At least one in every three children under five years is either undernourished or overweight resulted from poor diet globally, said Unicef on Tuesday.
An alarmingly high number of children are suffering from the consequences of poor diets and a food system that is failing them, the United Nations body came up with the outcome in a report titled "The State of the World's Children 2019: Children, Food and Nutrition."
The report finds almost two in three children between six months and two years are not fed food that supports their rapidly growing bodies and brains. This puts them at risk of poor brain development, weak learning, low immunity, increased infections and, in many cases, death.
"Despite all the technological, cultural and social advances of the last few decades, we have lost sight of this most basic fact that if children eat poorly, they will live poorly," said Henrietta Fore, the Unicef executive director.
"Millions of children subsist on an unhealthy diet because they simply do not have a better choice. It is not just about getting children enough to eat, it is above all about getting them the right food to eat. That is our common challenge today," added the Unicef official.
The report warns that poor eating and feeding practices start from the earliest days of a child's life. Though breastfeeding can save lives, for example, only 42 percent of children under six months are exclusively breastfed.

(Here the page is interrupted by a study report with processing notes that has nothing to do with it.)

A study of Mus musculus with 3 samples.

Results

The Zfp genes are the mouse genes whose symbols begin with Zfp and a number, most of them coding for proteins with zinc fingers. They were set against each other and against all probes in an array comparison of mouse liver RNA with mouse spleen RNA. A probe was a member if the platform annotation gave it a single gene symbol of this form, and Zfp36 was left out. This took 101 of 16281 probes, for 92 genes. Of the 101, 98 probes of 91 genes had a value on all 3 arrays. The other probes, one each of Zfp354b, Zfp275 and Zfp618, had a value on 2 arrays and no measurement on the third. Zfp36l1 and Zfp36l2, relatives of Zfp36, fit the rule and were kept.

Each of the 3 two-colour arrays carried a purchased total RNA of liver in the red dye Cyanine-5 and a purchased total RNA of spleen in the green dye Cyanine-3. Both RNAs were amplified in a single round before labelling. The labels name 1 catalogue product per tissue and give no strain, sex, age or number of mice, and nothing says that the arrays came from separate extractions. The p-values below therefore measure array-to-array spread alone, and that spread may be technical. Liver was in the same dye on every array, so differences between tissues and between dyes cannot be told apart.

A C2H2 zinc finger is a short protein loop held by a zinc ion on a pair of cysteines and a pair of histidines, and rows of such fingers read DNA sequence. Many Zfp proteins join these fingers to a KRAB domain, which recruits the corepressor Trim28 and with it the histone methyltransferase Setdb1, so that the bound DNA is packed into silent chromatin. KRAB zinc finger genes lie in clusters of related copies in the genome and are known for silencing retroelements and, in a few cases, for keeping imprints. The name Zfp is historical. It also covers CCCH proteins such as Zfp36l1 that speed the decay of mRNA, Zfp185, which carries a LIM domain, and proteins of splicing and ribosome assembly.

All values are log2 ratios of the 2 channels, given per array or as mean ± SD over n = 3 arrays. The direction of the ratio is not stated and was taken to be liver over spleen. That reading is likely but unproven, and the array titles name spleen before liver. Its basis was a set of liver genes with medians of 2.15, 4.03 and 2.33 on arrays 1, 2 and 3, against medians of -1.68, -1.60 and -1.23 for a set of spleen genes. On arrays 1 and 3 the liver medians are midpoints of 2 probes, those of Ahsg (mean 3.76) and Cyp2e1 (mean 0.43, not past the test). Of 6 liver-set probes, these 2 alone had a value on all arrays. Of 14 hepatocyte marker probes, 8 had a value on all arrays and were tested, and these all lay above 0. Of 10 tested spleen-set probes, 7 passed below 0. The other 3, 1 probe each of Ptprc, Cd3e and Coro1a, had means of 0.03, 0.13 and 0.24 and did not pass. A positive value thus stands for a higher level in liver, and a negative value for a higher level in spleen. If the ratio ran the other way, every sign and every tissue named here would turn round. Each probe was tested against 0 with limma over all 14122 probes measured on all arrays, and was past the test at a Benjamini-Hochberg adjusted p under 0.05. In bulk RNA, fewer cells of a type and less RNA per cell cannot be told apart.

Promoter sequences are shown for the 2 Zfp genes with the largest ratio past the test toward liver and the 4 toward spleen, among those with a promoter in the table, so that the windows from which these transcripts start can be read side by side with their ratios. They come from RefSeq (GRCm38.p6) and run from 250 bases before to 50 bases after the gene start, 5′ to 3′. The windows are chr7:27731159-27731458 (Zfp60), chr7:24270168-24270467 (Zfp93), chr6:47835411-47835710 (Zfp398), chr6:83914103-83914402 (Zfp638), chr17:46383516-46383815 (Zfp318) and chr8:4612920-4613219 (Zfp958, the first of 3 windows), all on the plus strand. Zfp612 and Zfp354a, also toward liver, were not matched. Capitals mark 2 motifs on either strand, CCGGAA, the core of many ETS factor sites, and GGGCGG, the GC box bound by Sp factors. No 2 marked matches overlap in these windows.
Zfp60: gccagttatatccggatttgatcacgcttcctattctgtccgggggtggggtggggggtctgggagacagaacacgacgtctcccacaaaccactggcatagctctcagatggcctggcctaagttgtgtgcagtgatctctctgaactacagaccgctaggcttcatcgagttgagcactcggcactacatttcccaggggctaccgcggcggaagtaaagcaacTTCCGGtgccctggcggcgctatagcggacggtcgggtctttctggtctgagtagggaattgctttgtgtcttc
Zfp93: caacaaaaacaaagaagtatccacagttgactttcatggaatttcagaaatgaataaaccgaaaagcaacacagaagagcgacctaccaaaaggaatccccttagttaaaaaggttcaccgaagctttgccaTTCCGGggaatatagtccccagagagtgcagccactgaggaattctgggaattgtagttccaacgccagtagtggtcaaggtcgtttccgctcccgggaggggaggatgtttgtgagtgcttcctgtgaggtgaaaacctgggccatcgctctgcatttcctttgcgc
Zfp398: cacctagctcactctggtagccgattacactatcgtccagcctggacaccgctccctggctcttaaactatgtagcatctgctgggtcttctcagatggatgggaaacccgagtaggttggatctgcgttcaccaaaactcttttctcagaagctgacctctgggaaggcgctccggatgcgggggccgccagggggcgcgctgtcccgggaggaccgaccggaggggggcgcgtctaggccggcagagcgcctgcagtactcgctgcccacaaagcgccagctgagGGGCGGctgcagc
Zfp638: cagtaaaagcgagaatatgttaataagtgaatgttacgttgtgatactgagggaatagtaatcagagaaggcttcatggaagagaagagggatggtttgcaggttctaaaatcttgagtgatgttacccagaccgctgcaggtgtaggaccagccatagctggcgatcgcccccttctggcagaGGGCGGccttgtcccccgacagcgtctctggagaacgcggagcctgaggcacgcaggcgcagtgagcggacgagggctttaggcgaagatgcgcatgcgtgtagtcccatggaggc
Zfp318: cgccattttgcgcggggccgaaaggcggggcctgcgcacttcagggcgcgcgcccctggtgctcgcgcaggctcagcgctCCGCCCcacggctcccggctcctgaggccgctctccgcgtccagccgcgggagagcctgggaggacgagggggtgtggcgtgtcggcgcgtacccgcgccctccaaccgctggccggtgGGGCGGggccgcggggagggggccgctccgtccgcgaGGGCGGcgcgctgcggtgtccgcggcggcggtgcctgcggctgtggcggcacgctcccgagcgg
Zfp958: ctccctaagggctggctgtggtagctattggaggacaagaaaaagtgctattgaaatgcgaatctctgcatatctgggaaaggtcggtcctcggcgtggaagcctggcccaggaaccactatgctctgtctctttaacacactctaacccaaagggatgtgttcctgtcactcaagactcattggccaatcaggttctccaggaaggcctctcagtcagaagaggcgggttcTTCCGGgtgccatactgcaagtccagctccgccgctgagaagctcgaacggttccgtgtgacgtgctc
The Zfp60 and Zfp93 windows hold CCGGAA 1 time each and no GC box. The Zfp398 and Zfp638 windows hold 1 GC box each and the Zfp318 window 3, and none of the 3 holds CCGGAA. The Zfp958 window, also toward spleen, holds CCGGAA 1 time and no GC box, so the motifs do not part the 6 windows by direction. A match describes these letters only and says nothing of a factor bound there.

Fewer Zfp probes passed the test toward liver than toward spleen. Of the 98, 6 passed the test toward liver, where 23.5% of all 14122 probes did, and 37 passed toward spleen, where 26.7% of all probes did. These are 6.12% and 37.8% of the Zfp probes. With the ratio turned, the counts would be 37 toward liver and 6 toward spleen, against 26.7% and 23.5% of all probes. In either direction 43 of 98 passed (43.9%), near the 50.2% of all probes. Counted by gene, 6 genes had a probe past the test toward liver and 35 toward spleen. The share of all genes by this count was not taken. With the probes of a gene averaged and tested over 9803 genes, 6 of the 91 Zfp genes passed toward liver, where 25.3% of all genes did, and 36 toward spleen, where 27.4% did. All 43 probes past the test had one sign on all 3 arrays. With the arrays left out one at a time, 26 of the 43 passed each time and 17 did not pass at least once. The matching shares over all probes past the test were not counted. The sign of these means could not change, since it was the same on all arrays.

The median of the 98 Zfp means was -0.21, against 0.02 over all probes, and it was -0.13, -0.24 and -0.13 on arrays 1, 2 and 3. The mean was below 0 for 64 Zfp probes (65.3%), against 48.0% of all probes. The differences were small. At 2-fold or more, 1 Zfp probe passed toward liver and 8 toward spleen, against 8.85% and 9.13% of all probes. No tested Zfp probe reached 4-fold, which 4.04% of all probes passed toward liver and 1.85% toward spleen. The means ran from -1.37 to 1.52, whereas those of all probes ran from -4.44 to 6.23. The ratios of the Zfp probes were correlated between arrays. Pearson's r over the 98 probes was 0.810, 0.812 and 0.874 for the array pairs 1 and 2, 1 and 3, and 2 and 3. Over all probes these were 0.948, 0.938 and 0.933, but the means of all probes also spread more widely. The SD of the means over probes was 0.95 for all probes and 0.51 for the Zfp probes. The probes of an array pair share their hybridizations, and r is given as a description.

An increasing number of children are fed infant formula while the sales of milk-based formula grew by 72 percent between 2008 and 2013 in upper middle-income countries such as Brazil, China and Turkey.
The increase largely occurred due to inappropriate marketing and weak policies and programmes to protect, promote and support breastfeeding.
As children begin transitioning to soft or solid foods around the six-month mark, too many are introduced to the wrong kind of diet, according to the report.
Moreover, close to 45 percent of children between six months and two years are not fed any fruits or vegetables. Nearly 60 percent do not eat any egg, dairy, fish or meat, shows the report.
The report also reveals 42 percent of school-going adolescents in low and middle-income countries consume carbonated sugary soft drinks at least once a day. Besides, 46 percent eat fast food at least once a week.
As a result, overweight and obesity levels in childhood and adolescence are increasing worldwide.
The report also notes that climate-related disasters cause severe food crises. Drought, for example, is responsible for 80 percent of damage and losses in agriculture, dramatically altering what food is available to children and families, as well as the quality and price of that food.